Snacks for Toddlers


What’s the Difference Between a Snack and a Treat?

Did you know there is a difference between a snack and a treat?

  • A snack is food you give your child to tide them over between meals. The purpose of a snack is to nourish your toddler the same way a meal would. Snacks are part of a healthy, balanced diet. Snacks are given regularly.
  • A treat is that occasional goody you may give your child. Treats do not add much nutritionally to your child’s diet. Treats are often full of empty calories. This means treats provide calories but not many nutritional benefits like fiber, vitamins, minerals, etc. Because of this, treats should not be given regularly.

Usually simple foods that aren’t overly-processed are best for snacks because they have more nutrients. Also, including fiber-rich snacks like fruits, vegetables and whole grains in your child’s diet can help alleviate toddler constipation. Snacks for small children don’t have to be complicated. Keep them simple, and try to offer a variety of snacks throughout the week if you can, rather than just your toddler’s favorite one or two snacks.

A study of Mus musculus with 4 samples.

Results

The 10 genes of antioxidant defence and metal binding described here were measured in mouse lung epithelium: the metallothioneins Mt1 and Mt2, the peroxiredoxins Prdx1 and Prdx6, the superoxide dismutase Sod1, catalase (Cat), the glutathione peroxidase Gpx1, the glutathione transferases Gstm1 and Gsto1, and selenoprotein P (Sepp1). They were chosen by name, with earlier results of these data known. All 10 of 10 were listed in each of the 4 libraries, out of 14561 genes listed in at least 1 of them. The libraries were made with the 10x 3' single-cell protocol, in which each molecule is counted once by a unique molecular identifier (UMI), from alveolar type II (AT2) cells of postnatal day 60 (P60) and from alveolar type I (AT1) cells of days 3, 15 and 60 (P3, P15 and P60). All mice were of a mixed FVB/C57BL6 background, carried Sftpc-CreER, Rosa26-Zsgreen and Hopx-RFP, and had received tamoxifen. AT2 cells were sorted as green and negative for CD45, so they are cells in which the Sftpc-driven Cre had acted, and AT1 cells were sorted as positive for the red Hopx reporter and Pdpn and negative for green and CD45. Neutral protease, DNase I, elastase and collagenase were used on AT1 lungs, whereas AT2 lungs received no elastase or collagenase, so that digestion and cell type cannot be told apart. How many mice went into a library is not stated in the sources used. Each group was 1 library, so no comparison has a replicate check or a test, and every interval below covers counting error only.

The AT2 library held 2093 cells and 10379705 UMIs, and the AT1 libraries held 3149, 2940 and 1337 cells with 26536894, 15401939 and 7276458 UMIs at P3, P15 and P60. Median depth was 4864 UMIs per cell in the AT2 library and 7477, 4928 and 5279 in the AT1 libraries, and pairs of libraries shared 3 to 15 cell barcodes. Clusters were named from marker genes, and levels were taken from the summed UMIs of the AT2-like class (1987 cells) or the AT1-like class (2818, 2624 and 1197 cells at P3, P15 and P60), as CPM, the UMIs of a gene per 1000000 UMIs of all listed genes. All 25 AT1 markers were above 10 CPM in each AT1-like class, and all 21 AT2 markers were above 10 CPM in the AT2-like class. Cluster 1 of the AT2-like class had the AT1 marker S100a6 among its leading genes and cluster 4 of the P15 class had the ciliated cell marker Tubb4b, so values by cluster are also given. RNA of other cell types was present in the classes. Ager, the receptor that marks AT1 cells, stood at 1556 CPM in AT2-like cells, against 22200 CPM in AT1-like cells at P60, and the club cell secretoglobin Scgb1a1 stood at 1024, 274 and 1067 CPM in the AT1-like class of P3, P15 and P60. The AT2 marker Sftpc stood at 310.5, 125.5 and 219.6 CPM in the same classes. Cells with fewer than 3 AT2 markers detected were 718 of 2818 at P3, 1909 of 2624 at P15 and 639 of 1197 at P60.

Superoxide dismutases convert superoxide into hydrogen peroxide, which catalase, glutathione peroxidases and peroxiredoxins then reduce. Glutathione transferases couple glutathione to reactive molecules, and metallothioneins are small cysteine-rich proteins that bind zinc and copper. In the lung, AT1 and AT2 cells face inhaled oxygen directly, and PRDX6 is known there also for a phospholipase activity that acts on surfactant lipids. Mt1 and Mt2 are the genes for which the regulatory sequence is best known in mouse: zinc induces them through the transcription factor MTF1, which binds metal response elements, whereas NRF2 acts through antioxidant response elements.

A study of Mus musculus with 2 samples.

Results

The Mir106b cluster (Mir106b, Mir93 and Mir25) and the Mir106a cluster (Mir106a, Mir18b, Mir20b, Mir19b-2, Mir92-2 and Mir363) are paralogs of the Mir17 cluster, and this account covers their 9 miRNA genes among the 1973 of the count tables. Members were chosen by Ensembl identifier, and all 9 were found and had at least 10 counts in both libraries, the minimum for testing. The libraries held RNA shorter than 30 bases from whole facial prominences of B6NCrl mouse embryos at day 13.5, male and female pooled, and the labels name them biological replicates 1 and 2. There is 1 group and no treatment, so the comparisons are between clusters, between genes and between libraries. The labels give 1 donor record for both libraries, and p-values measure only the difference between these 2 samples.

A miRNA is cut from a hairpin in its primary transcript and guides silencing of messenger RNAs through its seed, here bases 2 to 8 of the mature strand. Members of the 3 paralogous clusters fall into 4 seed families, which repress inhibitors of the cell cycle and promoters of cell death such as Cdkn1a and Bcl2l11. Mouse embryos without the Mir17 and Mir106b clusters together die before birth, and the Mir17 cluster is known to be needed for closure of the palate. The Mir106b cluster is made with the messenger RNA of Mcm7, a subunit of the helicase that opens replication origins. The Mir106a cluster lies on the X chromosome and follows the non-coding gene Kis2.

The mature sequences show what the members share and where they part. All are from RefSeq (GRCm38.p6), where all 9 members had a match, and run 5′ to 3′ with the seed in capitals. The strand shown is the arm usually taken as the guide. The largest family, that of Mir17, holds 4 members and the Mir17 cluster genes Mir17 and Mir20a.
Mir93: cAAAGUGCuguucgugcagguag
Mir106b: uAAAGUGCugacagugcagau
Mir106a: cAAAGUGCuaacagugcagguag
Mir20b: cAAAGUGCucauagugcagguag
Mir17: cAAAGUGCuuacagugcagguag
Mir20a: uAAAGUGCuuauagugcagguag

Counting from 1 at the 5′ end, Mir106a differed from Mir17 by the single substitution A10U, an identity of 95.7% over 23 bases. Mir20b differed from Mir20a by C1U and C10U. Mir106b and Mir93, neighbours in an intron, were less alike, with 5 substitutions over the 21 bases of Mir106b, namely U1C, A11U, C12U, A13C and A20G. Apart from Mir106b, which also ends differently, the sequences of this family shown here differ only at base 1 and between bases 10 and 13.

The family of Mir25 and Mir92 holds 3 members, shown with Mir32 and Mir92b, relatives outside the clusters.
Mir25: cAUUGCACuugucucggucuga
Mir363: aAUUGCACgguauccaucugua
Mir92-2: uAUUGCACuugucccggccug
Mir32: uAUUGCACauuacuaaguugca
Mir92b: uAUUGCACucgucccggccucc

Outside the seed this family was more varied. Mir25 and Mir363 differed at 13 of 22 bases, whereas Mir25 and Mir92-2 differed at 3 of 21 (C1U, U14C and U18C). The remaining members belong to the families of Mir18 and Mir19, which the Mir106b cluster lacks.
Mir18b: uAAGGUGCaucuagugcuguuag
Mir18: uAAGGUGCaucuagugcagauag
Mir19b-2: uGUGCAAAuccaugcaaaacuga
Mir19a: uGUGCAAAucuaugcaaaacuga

Remember to always watch your child when they are eating and chop food up into appropriate sizes when necessary.

Simple Snack Ideas For Toddlers:

Here are some snack ideas organized into food groups:

Grain: (Tip: Look for whole grains, they are more healthy than refined grains):

Slice of Whole Grain Bread

Whole Grain Cereal (like Cheerios)

Cheese Quesadilla made with Whole Wheat Tortilla

Blueberry Pancakes

Sweet Potato Pancakes

Apple Cinnamon Brown Rice

Fruit: (Tip: Try to vary the color of fruit your child eats)

Mandarin oranges

Bananas

Strawberries

Blueberries

Peaches

Blackberries

Kiwis

Plums

Watermelon

Vegetables: (If your child doesn’t initially like a vegetable, keep giving it as an option. S/he may come to like it later)

Sweet potato fries

Avocado

Corn tortilla with avocado

Green Beans

Tomatoes

Squash

Broccoli

Corn

Peas

Dairy:

Yogurt

Greek Yogurt

Cheese Stick

Cheese Cubes

Cottage Cheese

Cream Cheese

Cheese Quesadilla made with Whole Wheat Tortillas

Meat/Protein:

Grilled Chicken Pieces

Beef Sticks

Turkey Sticks

Refried Beans

Black Beans

Tofu

Seeds (sunflower seeds, pumpkin seeds)

Eggs

Try not to add sugar or empty calories to your child’s snack if s/he will eat it without adding anything. If you are having trouble getting your child to eat certain snacks though, try giving something to dip it in or add a little seasoning to the snack. It’s important to help your toddler eat healthy food.